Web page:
Night Raid by the Royal Munster Fusiliers

by Daniel Desmond Sheehan
Extracts from a letter the Irish Times newspaper received from the trenches of World War I published 11 July 1916. Also published in the Cork Examiner on 12 July 1916.
From the trenches of WWI
Newspaper articles
Why I joined the Army
In the Front Trenches
What they Think in the Trenches
The Resiliency of Mr. Atkins
Night Raid by the Royal Munster Fusiliers
How a Trench Raid V.C. was won
The Munsters at Mons
Father Gleeson and his Alter-Boy

AT THE FRONT

NIGHT RAID BY THE MUNSTER FUSILIERS


I can speak with confidence and justness of the boldness and daring of the Irish regiments. Trench expeditions are trying, but they never seem to mind them. They are the most cheerful and contented lot I have ever seen. They can joke at the best, or the worst that the Germans send across. I overheard the complaint of one of our men the other saying that the Boche was a very nasty kind of fellow, and no sportsman, since he could not understand the pleasantries of an Irish raid across “No Man’s Land“ which, of course, was all “for the fun of the thing“ and to relieve the dullness of trench life.

We had such a raid the other night. The scheme was carefully and capably planned. Volunteers of officers and men were called for, and, though there is no more dangerous duty for which a soldier can engage, nevertheless there was not an officer or man in the regiment -- one of the Munster Fusiliers – who was not ready and eager to go.

The men were at their places waiting the word from their officers to go over; but first that stout arm of preparation, the Artillery, had got to do its work. Both sides had been active during the day. On our side trench mortar and the lighter field guns were playing intermittently. The Germans were making what I thought to be rather an ineffective attempt at retaliation. During the winter months they used to give us shell for shell, mortar for mortar, grenade for grenade. Whether they were able or not I cannot say, but the fact is they were not doing so now, and their ranging was utterly at fault.

As evening approached it grew quieter on both sides, and when twilight came we shut off steam, so to speak, completely. Then, suddenly, after darkness had set in, one of our guns was heard to go off, and scarcely a second after a tremendous roar and burst went up from nests of concealed batteries behind. I had seen something of war, but never had I seen a more magnificent and more appalling sight. The heavens were alive with shells of every sort and kind. The earth beneath us shook and trembled and quivered as if in agony from the pounding and smashing and awful battering it was getting. There, across the way at the other end of No Man’s Land, what a catching of the breath, what a tightening grip of the heart, there must have been as the lurid flame of war burst upon them. Wherever it touched, Death, swift and sudden, made its call.

There were bombardments by our artillery - on our right and left, but nothing like what was concentrated on our immediate front. Our bombardment was not long in motion when the Germans got their big guns under way. The cross-play and the reverberations, the crash and clash of contending guns of every calibre was simply frightful. At this point language fails to give any accurate idea of what was happening. Bullets from machine guns began to whiz around us where we were looking over the parapet: Our sentries in the fire trench had a dangerous duty to perform, but it was a duty from which they never flinched. A sixty-pounder from a trench mortar came over and exploded on the parapet right behind us. We saw it coming and were able to dodge it. It is wonderful how alert one becomes under the impulse of immediate danger.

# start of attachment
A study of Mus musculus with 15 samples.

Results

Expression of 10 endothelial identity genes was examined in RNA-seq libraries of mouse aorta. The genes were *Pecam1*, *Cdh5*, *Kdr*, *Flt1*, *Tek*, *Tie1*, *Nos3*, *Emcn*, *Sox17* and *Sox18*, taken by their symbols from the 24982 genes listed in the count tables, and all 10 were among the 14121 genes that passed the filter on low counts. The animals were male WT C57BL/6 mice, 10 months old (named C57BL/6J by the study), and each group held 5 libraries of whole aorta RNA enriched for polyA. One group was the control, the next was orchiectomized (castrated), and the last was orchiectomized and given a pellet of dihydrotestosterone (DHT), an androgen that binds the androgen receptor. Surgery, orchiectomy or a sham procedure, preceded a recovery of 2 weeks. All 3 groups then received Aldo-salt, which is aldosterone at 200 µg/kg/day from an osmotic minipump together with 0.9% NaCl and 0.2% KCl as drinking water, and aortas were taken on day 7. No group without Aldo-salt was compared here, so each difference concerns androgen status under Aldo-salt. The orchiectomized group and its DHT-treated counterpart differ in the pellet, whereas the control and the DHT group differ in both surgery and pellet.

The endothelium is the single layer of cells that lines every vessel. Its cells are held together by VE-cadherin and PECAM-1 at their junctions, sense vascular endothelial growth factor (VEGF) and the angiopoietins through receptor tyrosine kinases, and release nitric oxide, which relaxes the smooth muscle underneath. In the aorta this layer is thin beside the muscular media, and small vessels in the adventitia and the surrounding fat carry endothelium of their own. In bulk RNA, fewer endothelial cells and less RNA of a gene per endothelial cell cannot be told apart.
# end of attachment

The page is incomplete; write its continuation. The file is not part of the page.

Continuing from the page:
The time had come for the dash of our raiding party. They had a good one hundred and fifty yards to cover, but silently and swiftly, without noise or fuss of any kind, like the brave men they were, they covered the intervening space. What need to dwell on what happened ? They got to the German trenches, notwithstanding a murderous rifle and machine gun fire amid bombing and grenading and other divilment.

For the next half-hour these trusty soldiers from the South of Ireland tasted to the full of the excitement and glory and the adventure of war. They were at grips with the enemy; they met him face to face. They bombed him in his dugouts, where he rushed for shelter. It was grim work while it lasted. No quarter was asked for or given. Their duty done they returned with many trophies and souvenirs, and much that was useful from the military point of view, to their own lines. The Munster Fusiliers had added another illustrious chapter to the long tale of their battle honours.

Peace be with those who have fallen – all honour to those who remain. Our General, in glorious words, spoke his appreciation of their conduct and bearing on the following day. English and Scotch regiments belonging to our Division take off their hats to the Munsters.

    • This is a report on the Lievin raid mentioned by
      Martin Staunton M.A. in his 1986 U.C.D. thesis:
      The Royal Munster Fusiliers (1914-1919).
This work is in the public domain in the United States because it was published before January 1, 1923.

The author died in 1948, so this work is also in the public domain in countries and areas where the copyright term is the author's life plus 60 years or less. This work may also be in the public domain in countries and areas with longer native copyright terms that apply the rule of the shorter term to foreign works.